A Haiku for the Holidays

Nov 16, 2020 | Posted by Jennifer


Sometimes it’s energizing to take a break from the regular routine to explore something new. One idea I have incorporated in the past with my students is to get them to explore writing a poem. A particularly fun form to attempt is the haiku.

Haikus originated in Japan back in the seventeenth century (Luebering). They are brief three-line poems comprising seventeen syllables: five on the first line, seven on the second, and five on the third. The lines are unrhymed.

While haikus traditionally focus on nature, they don’t need to be limited to that idea. Having a theme to explore makes these poems especially engaging to write, for teachers as well as for students. Now that we are well established into November, it is a great time to explore the holidays or the season of the year. You could encourage your students to write a haiku about fall, Thanksgiving, snow, Christmas, Chanukah, winter, or any other seasonal element.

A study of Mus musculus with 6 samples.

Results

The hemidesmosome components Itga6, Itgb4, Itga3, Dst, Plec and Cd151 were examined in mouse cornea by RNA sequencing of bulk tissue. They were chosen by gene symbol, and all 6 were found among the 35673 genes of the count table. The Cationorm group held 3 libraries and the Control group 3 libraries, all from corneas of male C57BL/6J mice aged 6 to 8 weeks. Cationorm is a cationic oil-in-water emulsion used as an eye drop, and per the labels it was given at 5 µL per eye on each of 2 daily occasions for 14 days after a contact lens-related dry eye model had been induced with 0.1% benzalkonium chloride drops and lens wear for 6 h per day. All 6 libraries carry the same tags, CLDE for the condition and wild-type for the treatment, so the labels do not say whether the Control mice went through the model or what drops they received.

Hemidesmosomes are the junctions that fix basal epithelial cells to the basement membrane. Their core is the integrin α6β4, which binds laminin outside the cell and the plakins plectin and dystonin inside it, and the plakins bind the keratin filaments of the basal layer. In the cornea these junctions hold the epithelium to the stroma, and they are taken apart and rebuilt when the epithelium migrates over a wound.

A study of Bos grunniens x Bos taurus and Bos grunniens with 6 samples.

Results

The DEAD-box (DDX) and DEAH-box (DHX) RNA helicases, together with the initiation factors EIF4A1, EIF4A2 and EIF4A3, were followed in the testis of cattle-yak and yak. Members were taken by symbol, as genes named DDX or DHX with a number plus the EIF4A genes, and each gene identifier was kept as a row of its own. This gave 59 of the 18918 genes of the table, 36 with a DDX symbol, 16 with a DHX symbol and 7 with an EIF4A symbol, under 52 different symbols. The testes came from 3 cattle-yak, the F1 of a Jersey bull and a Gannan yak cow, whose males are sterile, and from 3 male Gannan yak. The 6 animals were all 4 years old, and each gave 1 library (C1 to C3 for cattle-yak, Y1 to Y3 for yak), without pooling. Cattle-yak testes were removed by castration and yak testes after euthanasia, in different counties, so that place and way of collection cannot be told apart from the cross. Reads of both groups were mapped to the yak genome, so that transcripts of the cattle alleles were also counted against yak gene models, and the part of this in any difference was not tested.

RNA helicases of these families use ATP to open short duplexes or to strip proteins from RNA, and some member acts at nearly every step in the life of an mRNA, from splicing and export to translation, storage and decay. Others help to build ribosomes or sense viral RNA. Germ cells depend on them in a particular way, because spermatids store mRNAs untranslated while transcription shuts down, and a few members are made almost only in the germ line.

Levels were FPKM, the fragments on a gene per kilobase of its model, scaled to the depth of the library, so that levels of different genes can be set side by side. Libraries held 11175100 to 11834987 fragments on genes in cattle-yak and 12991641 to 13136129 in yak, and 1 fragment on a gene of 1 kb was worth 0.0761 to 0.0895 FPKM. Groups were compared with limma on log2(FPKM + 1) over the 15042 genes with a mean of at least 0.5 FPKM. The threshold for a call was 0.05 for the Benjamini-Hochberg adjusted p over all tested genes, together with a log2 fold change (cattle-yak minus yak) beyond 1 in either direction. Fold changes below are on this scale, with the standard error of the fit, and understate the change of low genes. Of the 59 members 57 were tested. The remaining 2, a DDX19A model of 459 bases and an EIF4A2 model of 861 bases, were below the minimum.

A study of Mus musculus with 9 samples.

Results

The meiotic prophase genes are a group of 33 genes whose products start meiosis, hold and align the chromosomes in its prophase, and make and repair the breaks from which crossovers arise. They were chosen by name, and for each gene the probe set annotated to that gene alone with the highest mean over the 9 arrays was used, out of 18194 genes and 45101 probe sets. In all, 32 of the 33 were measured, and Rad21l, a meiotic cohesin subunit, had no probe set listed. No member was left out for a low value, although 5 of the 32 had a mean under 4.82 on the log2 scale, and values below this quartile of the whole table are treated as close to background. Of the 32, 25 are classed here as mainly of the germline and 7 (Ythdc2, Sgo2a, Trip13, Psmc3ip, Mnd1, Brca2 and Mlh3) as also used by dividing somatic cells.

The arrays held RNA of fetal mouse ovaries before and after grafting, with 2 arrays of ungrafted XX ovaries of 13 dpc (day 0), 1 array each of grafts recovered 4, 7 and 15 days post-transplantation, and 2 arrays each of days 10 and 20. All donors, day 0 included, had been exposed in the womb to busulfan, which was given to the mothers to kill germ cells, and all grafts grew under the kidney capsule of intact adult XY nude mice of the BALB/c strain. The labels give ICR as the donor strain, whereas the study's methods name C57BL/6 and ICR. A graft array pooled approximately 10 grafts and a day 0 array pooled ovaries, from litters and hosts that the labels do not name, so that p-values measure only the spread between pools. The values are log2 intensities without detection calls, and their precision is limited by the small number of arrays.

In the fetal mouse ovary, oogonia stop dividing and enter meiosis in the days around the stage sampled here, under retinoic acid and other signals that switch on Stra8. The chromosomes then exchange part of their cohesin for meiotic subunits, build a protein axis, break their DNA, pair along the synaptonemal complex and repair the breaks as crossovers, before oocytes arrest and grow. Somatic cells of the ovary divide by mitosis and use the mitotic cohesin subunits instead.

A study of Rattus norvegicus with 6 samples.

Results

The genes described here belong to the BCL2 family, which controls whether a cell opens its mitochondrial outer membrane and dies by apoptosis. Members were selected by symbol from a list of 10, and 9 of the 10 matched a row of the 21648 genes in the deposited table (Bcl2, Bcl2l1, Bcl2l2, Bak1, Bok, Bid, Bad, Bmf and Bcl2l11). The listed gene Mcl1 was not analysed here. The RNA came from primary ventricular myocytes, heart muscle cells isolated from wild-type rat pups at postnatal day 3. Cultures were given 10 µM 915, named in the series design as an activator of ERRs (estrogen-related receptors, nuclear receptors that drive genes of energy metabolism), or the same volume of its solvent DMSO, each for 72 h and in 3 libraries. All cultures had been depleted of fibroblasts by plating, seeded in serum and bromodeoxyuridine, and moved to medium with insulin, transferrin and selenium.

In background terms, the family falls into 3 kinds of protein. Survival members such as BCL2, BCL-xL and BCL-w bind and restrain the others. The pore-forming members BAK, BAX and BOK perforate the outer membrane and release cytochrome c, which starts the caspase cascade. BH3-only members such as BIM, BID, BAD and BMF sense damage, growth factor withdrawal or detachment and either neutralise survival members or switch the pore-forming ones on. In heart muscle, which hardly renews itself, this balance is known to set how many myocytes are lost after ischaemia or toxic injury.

The poems can be serious and meditative, but they can also be playful and humorous. I came up with this one as I was going over our family’s traditional Thanksgiving dishes. My haiku reflects on my family’s and my favorite dish, sweet potato pie:

Sweet potato pie
Tawny taste that melts, delights—
I’ll diet later.

That’s all there is to it! Share the haiku structure with your students and see what they come up with. It’s a fabulous way for students to take note of syllables in words as well as practice their stylistic techniques, especially the quality adjective and strong verb. We would love to share some of your haikus. If you come up with any you’d like to contribute, send them to us at Blog@IEW.com.


                                                                                         Works Cited
Luebering, J.E., editor. “Haiku.” Encyclopædia Britannica, Encyclopædia Britannica, 2020,


Jennifer Mauser has always loved reading and writing and received a B.A. in English from the University of Kansas in 1991. Once she and her husband had children, they decided to homeschool, and she put all her training to use in the home. In addition to homeschooling her children, Jennifer teaches IEW classes out of her home, coaches budding writers via email, and tutors students who struggle with dyslexia.